Lessons from Kavanaugh replacement hearing – Democrats are clueless about conservative women

The women's movement was on display at this week's State of the Union address as Democrat Congresswomen wore suffragette white to celebrate their solidarity and New York Democratic Rep. Alexandria Ocasio-Cortez celebrated the resistance to Supreme Court Justice Brett Kavanaugh by making the Kavanaugh protestor who cornered then-Senator Jeff Flake in an elevator her guest.  One would expect that these same Democratic women would be similarly excited that a woman has been nominated for Kavanaugh's now empty seat on the U.S. Court of Appeals for the D.C. Circuit.

But just the opposite was true when the Senate Judiciary Committee met Tuesday to hear from Neomi Rao, the D.C. Circuit nominee. I'd like to say I was surprised but Rao is a conservative and, on the Hill, the #MeToo movement is about partisan politics rather than about women.

Rao was given the highest rating (“well-qualified”) by the liberal American Bar Association – a higher rating than Justice Elena Kagan received when nominated to the same court in 1999 – and should be a non-contentious choice. A former Supreme Court clerk, she was recently confirmed by the Senate as administrator of the Office of Information and Regulatory Affairs (OIRA) in 2017 and was previously the founder and director of the Center for the Study of the Administrative State at George Mason University's law school.


The D.C. Circuit hears the largest share of cases related to administrative law and regulatory agencies, so Rao is the perfect fit.

The problem for Democrats is that the D.C. Circuit, often called “the second highest court in the land”, is a stepping stone to the Supreme Court. Of the nine justices currently on the Supreme Court, four have come from the D.C. Circuit. Democrats see Rao, a minority woman, as a contender for the next Supreme Court vacancy and are determined to wound her in advance.

This is nothing new. An irony of Democrats' judicial confirmation politics is that their efforts to thwart nominations deliberately and disproportionately impact stellar minority and female nominees. Just ask Miguel Estrada or Janice Rogers Brown.

The feminist left hates the fact that conservative women think for themselves. Feminists would prefer to do the thinking for them. It’s a sentiment that is anti-progressive in every possible way.

In their thirst to bloody or defeat Rao, Democrats are scraping the bottom of the barrel. Consider that their primary ammunition against Rao is an op-ed she wrote in college – more than two decades ago – that gave fellow students some practical advice: don’t drink too much because it will make you more susceptible to sexual assault. This is being used to portray Rao as a “rape apologist.”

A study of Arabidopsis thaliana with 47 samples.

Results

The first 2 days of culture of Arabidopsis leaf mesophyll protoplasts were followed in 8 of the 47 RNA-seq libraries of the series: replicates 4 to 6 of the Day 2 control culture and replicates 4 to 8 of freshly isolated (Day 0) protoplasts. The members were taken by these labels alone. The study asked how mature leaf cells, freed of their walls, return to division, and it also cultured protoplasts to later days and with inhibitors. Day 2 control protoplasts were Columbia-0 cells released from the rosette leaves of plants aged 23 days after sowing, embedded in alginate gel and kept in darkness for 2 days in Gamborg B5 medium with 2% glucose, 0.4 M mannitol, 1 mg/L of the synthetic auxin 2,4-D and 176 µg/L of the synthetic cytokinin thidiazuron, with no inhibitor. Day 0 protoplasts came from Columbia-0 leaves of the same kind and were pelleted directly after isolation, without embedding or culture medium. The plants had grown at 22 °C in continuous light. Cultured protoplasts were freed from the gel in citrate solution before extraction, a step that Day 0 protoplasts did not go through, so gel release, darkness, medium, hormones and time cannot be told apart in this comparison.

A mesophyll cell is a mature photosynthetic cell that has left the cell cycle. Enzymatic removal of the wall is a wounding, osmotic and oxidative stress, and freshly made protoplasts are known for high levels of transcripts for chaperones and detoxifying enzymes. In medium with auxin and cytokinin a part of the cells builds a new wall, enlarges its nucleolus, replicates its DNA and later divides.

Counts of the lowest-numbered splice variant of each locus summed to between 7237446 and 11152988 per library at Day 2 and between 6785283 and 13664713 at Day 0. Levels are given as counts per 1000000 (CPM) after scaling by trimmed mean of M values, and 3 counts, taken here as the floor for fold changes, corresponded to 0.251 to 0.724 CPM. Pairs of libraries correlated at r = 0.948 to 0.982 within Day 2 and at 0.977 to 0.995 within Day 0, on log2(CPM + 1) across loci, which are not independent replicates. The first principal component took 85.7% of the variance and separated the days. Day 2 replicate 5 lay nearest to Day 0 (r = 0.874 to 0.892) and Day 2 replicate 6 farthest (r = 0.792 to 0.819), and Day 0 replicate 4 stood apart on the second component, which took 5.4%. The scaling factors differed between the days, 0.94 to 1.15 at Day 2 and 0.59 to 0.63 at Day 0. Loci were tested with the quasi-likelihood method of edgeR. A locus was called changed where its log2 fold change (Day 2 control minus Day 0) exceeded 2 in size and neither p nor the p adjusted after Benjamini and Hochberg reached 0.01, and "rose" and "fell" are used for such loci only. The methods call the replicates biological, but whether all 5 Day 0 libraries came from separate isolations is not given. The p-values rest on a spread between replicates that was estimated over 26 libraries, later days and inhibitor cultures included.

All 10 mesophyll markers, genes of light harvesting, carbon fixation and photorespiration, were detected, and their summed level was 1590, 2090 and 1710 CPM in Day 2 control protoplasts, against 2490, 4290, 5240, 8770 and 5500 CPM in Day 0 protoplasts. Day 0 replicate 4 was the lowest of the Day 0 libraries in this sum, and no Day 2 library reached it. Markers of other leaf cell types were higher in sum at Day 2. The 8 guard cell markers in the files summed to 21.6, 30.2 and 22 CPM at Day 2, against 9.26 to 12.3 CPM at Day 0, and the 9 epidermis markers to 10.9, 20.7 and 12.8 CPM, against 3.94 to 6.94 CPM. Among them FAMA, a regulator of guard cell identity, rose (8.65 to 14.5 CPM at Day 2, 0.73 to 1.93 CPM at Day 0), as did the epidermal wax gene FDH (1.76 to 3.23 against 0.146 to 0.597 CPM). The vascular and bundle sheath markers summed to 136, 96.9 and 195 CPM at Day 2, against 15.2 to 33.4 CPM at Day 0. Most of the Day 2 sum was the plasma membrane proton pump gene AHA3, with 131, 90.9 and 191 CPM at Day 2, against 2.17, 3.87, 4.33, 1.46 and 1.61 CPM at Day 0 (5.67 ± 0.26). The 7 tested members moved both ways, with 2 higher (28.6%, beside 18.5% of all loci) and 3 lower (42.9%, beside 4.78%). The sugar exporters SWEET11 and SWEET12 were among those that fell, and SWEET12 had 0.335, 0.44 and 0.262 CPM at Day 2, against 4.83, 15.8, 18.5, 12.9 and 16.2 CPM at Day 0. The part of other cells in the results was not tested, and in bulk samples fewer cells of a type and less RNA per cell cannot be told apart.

This accusation couldn’t be further from the truth. In the same article, Rao twice reiterated that rape is a crime and that a man who rapes a drunk woman should be prosecuted – a clear statement that rapists are to blame for rape.

Judiciary Committee member Kamala Harris, a former prosecutor, should find this statement unambiguous. Instead, Harris asked several accusatory variations of the question: “Do you believe if a woman does not take those steps that she is at fault?” She later attacked Rao via social media clips of the exchanges. Other women on the Committee, such as Mazie Hirono, questioned Rao with a similarly accusatory tone.

If their attacks on Rao strike you as unseemly, remember that the identity politics of the #MeToo movement condones and even celebrates throwing women who get in the way under the bus.

Last year may have been celebrated as the “Year of the Woman” due to the record-breaking number of women running for office. But as with the Democrat-only celebration at the State of the Union, a large group of women -- those without liberal viewpoints -- weren’t invited to the party. Naomi Rao knows this all too well and so do I.

Last year, when I expressed my support of Brett Kavanaugh in the wake of sexual assault allegations – focusing on the unethical actions of Christine Blasey Ford’s lawyers and the harm they were doing to the women’s movement – Kavanaugh's opponents (primarily women) engaged in personal attacks against me. Some even wrote that I should be assaulted myself. To them, my arguments didn’t matter; only my politics did.

The feminist left hates the fact that conservative women think for themselves. Feminists would prefer to do the thinking for them. It’s a sentiment that is anti-progressive in every possible way.

Despite what prominent figures on the left would have you believe, conservative women aren’t men disguised as women, nor are their minds not fully formed, nor are they are being pressured by the men in their lives. Conservative women are women too.


The female senators attacking Rao proudly display their feminist label and are surely aware that the early suffrage movement was held back by divisions among women. That makes it all the more unconscionable that, through their political posturing, Rao's opponents are adding to the growing divide among women that endangers the basic mission of the women's movement.

The Senate should confirm Neomi Rao and send a strong signal that undermining the women's movement with baseless attacks against conservative women for partisan gain will not be tolerated.